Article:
County awards contract for cleanup of old jail
County Commissioners approved contracts for cleanup work in the old jail during their July 28 meeting.
They approved a $134,772 contract to Hazardous Technologies Inc. for lead, asbestos and mercury remediation.
That cost will be funded by a grant from the Great Falls Development Authority.
Commissioners also awarded a $40,100 contract to the same company for the removal of non-hazardous materials, such as carpets and wall paneling that needs to be removed to address the hazardous materials. The county will fund that contract.
They were initially set to consider the contract in May for about $10,000 less but the item was pulled from the agenda.
Commissioner Jane Weber said that they thought GFDA would award the contract directly, but were later informed that the contract had to go through the county, which added a delay and some additional costs through the formal government bidding process.
She said the contractor also factored in permits, which hadn’t been included in the initial bid submitted for GFDA.
The contract includes $25,528 for asbestos abatement, $108,790 for lead abatement; $154 for mercury abatement and $300 for permits, according to the county agenda report.
There is no plan for future use of the building, but Commissioner Joe Briggs said cleanup is the first step to being able to use the space again.
Weber has said multiple times in the past that her dream is to make the building an extension of the justice campus an the main courthouse by moving the county’s justices of the peace to the building, using a courtroom in it and possibly moving probation and the county commissioners office. That would free up space in the county courthouse for district court operations, particularly if the county gets a fifth judge.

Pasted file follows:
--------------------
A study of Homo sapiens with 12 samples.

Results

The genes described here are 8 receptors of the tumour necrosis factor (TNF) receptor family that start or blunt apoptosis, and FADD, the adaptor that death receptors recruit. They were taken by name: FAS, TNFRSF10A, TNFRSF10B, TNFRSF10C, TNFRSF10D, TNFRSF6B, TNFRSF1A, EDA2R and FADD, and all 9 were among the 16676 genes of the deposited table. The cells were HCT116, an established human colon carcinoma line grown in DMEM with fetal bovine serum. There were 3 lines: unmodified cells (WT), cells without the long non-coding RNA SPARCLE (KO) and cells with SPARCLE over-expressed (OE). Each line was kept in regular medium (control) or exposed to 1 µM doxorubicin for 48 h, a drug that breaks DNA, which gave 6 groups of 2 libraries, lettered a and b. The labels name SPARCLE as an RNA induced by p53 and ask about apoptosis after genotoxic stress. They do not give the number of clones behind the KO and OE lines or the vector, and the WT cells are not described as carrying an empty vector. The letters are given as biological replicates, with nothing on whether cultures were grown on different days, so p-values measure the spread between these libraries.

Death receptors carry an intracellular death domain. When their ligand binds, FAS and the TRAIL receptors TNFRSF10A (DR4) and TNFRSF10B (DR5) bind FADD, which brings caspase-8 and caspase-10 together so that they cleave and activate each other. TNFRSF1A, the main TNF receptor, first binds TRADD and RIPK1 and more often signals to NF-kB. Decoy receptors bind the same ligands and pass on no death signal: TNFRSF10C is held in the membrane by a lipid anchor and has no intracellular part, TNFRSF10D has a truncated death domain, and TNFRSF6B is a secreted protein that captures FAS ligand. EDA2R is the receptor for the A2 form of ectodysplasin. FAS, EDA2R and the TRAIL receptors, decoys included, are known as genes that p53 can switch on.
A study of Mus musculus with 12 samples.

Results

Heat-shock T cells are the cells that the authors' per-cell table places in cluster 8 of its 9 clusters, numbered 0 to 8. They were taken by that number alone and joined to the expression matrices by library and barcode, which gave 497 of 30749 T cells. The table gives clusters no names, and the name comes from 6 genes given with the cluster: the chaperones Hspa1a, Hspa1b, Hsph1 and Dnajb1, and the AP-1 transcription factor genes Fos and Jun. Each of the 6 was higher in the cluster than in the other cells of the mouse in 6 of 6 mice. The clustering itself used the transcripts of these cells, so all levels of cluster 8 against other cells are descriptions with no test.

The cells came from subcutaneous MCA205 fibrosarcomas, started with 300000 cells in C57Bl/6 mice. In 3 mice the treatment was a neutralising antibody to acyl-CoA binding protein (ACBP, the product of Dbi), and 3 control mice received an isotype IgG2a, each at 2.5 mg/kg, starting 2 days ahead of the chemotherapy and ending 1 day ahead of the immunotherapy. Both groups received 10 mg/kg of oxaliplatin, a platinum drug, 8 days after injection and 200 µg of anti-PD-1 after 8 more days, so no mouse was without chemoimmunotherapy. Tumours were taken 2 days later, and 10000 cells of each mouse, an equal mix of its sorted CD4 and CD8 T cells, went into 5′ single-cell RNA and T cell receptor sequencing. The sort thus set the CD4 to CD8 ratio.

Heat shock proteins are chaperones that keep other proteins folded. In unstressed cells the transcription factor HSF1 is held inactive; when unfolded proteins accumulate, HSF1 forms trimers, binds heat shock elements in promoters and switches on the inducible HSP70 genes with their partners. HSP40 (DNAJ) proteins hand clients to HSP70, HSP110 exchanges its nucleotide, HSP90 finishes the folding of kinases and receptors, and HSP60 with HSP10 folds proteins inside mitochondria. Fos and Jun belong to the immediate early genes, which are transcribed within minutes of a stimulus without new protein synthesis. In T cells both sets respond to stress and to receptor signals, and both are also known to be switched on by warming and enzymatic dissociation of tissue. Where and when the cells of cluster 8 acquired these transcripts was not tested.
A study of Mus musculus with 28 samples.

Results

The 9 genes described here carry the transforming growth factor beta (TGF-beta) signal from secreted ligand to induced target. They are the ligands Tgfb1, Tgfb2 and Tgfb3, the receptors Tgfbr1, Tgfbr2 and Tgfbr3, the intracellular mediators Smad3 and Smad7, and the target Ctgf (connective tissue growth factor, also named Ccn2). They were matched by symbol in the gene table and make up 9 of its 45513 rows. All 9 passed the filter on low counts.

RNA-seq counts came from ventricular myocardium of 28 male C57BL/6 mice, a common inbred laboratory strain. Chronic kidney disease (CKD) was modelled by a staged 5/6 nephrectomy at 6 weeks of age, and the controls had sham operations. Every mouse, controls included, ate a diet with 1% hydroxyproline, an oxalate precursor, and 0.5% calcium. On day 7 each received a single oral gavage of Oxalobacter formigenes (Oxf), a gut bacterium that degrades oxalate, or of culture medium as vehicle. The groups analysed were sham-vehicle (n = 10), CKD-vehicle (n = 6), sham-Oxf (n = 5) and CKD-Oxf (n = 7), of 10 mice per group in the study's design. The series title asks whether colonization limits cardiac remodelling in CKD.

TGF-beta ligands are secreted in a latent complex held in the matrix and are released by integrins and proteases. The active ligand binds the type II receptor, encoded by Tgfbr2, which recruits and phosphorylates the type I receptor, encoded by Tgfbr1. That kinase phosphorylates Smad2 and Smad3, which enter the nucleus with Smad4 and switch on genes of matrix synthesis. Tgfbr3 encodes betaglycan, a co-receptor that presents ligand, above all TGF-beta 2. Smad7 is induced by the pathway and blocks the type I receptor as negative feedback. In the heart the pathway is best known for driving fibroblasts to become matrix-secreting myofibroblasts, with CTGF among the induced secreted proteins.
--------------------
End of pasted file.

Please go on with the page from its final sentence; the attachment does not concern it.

The county received previous grant funds from GFDA this spring to inspect the two-story jail, plus a basement, that was designed by George H. Shandley and constructed in 1913 by the Olson and Johnson Company.
The building served as the county jail from 1914 through Jan. 11, 1998 when it was replaced by the Adult Detention Center on Gore Hill that is currently in use.
The old jail is a sandstone building designed to complement the Cascade County Courthouse across the street, according to the county staff report, and has Romanesque Revival stylistic architectural features. The old jail is included in the Northside Residential Historic District, which is listed on the National Register of Historic Place.
In 2016, the county received Brownfield funding to conduct a phase one assessment of the facility to determine whether hazardous materials existed. That report indicated lead-based paint, asbestos and minor amounts of mercury within old thermostats may be present but no additional funds were available for materials testing, according to the county.
This spring, the county received Brownfield grant funding from GFDA for testing materials in the old jail and in April, the report from TD&H Engineering confirmed asbestos and lead-based paint within the building.
The county also contracted with a local photographer to document the artwork in the cells left by inmates over the years. Kate McCourt, the city-county historic preservation officer, accompanied the photographer to ensure noteworthy items were photographed and the work was completed earlier this month.
The commission contacted three Montana companies that handle hazardous material abatement and only Hazardous Technologies Inc of Great Falls submitted a bid based on the findings from the TD&H materials testing report.
The Brownfield program is federally funded through the U.S. Environmental Protection Agency and since the jail is included on the National Register of Historic Places, a determination of no adverse affect was required from the Montana historic preservation office.
The EPA and state historic preservation office determined the cleanup of hazardous materials would not impact the historic elements of the old jail, according to the county.